Renovating your backyard requires staying on top of the required plans, expenses, and permits. So, do you need a building permit for a concrete patio, or can you go ahead with the project without getting one?
The answer depends on the type of concrete patio you’re building among other factors. Some states allow you to build a concrete paver patio without a permit but not a concrete slab.
In other cases, the height, width, and amenities of the patio determine whether you need a permit or not.
Since these requirements differ from one region to the other, you’ll need to check with the county’s building code. That said, here are some considerations before you take on the patio project.
Do I Need a Building Permit for a Concrete Patio?
Needing a permit to start your patio project depends on several factors that include:
The Type of Concrete
Concrete patios are either made of concrete paver bricks or a slab of poured concrete mix. This might seem like a small technical distinction, but in the eyes of the law, the difference is huge.
If you’re building the patio using concrete pavers, sand, and gravel with no mortar, then this can’t be classified as a permanent structure. The patio can be taken apart without heavy equipment since there’s no curing involved, so in this case, you don’t need a permit in most counties.
Pouring a concrete slab requires a concrete mixer and usually involves contractor work. It’s also considered a permanent structure since you can’t just move the slab once it’s done.
In this case, you have to get a permit from your local municipality or county office before starting the project. And if you hire a contractor, make sure they’re fully licensed and have the required permit on their end.
The Patio’s Height
Not all patios are created equal. Some are small and are more of a walkway, while others can extend on a high grade and are multiple feet across.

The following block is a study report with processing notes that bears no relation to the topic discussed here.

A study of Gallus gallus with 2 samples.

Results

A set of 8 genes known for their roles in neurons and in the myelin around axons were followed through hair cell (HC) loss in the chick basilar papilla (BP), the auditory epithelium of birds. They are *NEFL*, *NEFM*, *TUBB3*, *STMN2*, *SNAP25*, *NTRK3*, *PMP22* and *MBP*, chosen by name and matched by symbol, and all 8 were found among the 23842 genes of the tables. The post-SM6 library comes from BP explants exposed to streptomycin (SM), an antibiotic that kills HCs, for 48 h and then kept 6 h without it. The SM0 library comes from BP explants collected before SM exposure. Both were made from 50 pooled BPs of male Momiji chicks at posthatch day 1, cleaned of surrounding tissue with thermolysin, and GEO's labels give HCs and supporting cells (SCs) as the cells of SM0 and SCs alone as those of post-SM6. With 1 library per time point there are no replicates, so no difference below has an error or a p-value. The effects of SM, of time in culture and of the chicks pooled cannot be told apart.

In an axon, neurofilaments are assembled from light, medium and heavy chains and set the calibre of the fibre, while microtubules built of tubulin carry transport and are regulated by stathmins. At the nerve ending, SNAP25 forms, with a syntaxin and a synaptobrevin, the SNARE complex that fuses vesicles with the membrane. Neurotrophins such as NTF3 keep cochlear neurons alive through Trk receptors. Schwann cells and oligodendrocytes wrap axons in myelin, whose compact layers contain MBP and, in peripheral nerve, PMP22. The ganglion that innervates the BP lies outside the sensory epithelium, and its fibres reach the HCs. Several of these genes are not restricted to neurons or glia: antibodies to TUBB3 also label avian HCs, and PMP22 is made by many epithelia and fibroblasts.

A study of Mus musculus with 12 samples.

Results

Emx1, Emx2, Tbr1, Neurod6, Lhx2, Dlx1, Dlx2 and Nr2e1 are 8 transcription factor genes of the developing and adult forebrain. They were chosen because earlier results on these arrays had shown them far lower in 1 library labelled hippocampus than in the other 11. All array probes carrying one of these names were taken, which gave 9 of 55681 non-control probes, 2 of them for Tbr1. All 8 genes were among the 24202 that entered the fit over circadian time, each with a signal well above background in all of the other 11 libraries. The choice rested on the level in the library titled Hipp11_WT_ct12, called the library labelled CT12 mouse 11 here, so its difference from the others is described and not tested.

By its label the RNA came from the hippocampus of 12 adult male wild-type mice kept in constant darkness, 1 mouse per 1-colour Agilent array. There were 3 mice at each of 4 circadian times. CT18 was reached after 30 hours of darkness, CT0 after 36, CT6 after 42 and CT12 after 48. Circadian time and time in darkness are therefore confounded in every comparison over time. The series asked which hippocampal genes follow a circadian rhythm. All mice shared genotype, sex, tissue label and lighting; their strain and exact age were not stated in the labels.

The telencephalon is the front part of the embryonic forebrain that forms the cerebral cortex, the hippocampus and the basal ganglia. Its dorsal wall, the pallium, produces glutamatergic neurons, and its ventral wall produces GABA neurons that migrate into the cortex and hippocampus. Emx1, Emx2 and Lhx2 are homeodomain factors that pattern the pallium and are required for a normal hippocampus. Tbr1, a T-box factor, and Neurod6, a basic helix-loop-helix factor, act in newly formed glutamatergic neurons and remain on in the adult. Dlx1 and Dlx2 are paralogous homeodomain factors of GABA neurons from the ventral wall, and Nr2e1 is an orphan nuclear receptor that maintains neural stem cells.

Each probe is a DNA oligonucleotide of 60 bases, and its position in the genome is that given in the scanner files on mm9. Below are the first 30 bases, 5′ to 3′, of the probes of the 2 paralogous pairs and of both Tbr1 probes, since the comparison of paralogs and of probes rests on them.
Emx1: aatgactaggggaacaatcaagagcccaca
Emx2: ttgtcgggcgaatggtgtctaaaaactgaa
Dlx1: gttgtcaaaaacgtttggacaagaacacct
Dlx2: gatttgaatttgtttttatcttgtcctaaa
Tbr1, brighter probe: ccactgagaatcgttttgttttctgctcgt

In some areas, building a patio on grade and up to 30 inches high doesn’t require a permit. Once you cross that height, you have to get a permit before you start building.
If you plan on making your patio walled or roofed, or adding electric lights to it, then you have to get a permit before you start construction. This is done to make sure the building is up to code and won’t endanger the residents or anyone else passing by the structure.
What Are Other Required Permits for Building on My Property?
Building on your property, depending on the structure you’re going for, might require several types of permits:
This permit defines the particular use of a piece of land or structure and only allows its use for the defined purpose.
This permit is required when you’re digging on a road right-of-way. Your contractor might need to have one before they start working on your patio if there’s a risk of running into any utility piping or cable lines.
This permit is required if you’re building any structure higher than 30 inches above grade on your property. If you’re building a shed, wall, or a columned structure, you should always obtain this permit beforehand.
What Would Happen If I Build a Concrete Patio Without a Permit?
Depending on the area you live in, you might face consequences that range from:
- Paying a fine.
- Halting construction until you obtain the required permits.
- Tearing down the structure you already built if it’s not up to code and paying a fine for starting construction without a permit.
- Getting insurance claims denied if the structure causes any accidents.
- Bringing down the value of your home if you’re trying to sell it.
Do I need a building permit for a concrete patio?
In most cases, you do. Thankfully, the process of asking whether your county requires a permit is super easy. All you need to do is hop onto the county website and search for building permit requirements for a concrete patio and you’re good to go.
Failing to do so can subject you to several unpleasant outcomes that would cost you more money and effort than building a concrete patio up to code in the first place.
Ben has a bachelor’s degree in construction engineering. When not constructing or remodeling X-Ray Rooms, Cardiovascular Labs, and Pharmacies, you can find him at home with wife and two daughters. Outside of family, He loves grilling and barbequing on his Big Green Egg and Blackstone Griddle, as well as working on projects around the house.